Today in military history: Francis Scott Key pens Star-Spangled Banner - We Are The Mighty

On Sep. 13, 1814, Francis Scott Key wrote the poem which would later be set to music and, in 1931, become the Star-Spangled Banner — and America’s national anthem.

Originally titled “The Defence of Fort McHenry,” the poem was written during the Battle of Baltimore in the War of 1812, when a lone U.S. flag flew over the fort at daybreak despite Britain’s assault.

Francis Scott Key stood aboard the British ship HMS Tonnant, negotiating the release of Maryland resident Dr. William Beanes. Having succeeded in his mission, Key and the newly-freed Beanes watched the battle unfold from their enemy’s decks. At the sight of the raised American flag, Key was struck by a burst of poetic inspiration. He quickly scribbled a series of verses on a scrap of paper, not knowing these words would become an enduring symbol of American patriotism.

After being circulated in newspapers, composer John Stafford Smith set the poem to the music of a song called “To Anacreon in Heaven,” which, by the way, was a popular drinking song.

Yes. Our national anthem is based on victory in battle and drinking.

The flag that flew over Fort McHenry was ordered by Major George Armistead, who wanted “to have a flag so large that the British will have no difficulty in seeing it from a distance.” He got his wish — and today that flag is displayed in the Smithsonian in Washington D.C.

Francis Scott Key’s poem, by the way, had more than the verse that would become immortalized in our nation’s history. Here is the full text:

O say, can you see, by the dawn’s early light,
What so proudly we hailed at the twilight’s last gleaming?
Whose broad stripes and bright stars through the perilous fight,
O’er the ramparts we watched were so gallantly streaming;
And the rocket’s red glare, the bombs bursting in air,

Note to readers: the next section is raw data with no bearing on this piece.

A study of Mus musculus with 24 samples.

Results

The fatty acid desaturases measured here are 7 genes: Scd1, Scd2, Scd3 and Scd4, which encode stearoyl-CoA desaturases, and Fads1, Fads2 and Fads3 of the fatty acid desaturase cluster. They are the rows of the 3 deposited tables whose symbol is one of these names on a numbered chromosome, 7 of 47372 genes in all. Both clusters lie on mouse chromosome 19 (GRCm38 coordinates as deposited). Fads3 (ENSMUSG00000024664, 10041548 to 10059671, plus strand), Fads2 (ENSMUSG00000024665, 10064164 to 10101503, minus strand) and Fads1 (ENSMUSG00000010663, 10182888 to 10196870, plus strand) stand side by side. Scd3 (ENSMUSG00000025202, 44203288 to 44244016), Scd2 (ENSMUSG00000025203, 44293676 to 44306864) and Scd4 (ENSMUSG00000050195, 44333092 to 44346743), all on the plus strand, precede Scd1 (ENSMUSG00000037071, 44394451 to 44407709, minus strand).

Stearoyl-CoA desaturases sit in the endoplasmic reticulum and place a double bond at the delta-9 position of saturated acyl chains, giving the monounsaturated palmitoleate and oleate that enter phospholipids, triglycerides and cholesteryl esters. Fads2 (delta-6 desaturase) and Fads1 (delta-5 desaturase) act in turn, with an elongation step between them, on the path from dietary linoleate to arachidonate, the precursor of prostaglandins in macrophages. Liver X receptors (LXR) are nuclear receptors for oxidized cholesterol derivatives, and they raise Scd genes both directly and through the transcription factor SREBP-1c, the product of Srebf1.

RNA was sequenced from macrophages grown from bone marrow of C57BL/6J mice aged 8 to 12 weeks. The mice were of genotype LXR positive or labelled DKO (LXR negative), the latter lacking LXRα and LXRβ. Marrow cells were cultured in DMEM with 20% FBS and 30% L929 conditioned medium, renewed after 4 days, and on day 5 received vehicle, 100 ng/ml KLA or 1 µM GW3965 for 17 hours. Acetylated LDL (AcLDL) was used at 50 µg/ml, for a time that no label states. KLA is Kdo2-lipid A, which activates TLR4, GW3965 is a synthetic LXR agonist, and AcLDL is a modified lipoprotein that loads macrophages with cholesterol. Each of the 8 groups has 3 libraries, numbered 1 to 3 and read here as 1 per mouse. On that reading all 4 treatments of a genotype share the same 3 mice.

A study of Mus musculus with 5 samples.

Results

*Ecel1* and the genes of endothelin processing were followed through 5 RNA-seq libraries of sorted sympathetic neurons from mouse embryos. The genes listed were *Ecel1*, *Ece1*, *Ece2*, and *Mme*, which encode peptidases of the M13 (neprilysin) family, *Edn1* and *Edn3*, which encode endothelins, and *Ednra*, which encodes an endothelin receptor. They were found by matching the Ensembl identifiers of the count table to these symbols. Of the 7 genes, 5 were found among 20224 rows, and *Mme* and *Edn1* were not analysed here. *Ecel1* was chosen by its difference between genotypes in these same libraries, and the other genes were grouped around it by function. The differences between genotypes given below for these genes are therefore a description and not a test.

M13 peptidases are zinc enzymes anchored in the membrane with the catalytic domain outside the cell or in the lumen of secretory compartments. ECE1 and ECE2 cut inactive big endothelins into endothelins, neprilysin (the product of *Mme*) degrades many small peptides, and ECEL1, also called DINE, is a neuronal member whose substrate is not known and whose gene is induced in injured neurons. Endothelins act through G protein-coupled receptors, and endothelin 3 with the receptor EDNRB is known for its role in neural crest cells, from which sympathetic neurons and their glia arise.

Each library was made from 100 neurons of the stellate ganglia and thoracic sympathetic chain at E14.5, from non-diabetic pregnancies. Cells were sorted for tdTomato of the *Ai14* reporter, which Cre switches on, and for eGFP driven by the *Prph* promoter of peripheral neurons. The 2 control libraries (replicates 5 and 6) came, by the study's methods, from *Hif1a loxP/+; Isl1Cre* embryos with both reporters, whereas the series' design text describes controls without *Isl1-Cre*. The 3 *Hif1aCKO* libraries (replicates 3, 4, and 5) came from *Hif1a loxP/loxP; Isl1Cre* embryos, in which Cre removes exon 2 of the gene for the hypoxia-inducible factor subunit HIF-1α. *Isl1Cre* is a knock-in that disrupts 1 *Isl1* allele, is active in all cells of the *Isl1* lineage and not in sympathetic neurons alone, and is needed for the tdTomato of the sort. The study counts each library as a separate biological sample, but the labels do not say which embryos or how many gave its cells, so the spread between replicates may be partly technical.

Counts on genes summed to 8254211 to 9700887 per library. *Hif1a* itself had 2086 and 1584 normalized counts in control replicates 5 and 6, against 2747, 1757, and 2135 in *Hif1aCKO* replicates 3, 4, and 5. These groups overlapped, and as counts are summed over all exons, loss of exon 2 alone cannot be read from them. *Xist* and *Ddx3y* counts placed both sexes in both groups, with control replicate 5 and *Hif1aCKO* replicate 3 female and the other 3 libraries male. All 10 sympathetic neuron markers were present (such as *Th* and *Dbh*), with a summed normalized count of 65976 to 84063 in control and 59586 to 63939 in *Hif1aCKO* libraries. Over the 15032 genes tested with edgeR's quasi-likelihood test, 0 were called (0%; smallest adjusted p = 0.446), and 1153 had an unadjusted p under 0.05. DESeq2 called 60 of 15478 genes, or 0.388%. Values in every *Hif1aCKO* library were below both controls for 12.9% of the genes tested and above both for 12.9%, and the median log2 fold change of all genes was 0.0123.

Gave proof through the night that our flag was still there;
O say, does that star-spangled banner yet wave
O’er the land of the free, and the home of the brave?

On the shore dimly seen through the mists of the deep,
Where the foe’s haughty host in dread silence reposes,
What is that which the breeze, o’er the towering steep,
As it fitfully blows, now conceals, now discloses?
Now it catches the gleam of the morning’s first beam,
In full glory reflected now shines on the stream;
‘Tis the star-spangled banner; O long may it wave
O’er the land of the free, and the home of the brave!

And where is that band who so vauntingly swore
That the havoc of war and the battle’s confusion
A home and a country should leave us no more?
Their blood has washed out their foul footsteps’ pollution.
No refuge could save the hireling and slave,
From the terror of flight and the gloom of the grave;
And the star-spangled banner in triumph doth wave
O’er the land of the free, and the home of the brave!

O! thus be it ever, when freemen shall stand
Between their loved homes and the war’s desolation!
Blest with victory and peace, may the heav’n-rescued land,
Praise the power that hath made and preserved us a nation.
Then conquer we must, for our cause it is just.
And this be our motto— “In God is our trust; “
And the star-spangled banner in triumph shall wave
O’er the land of the free, and the home of the brave.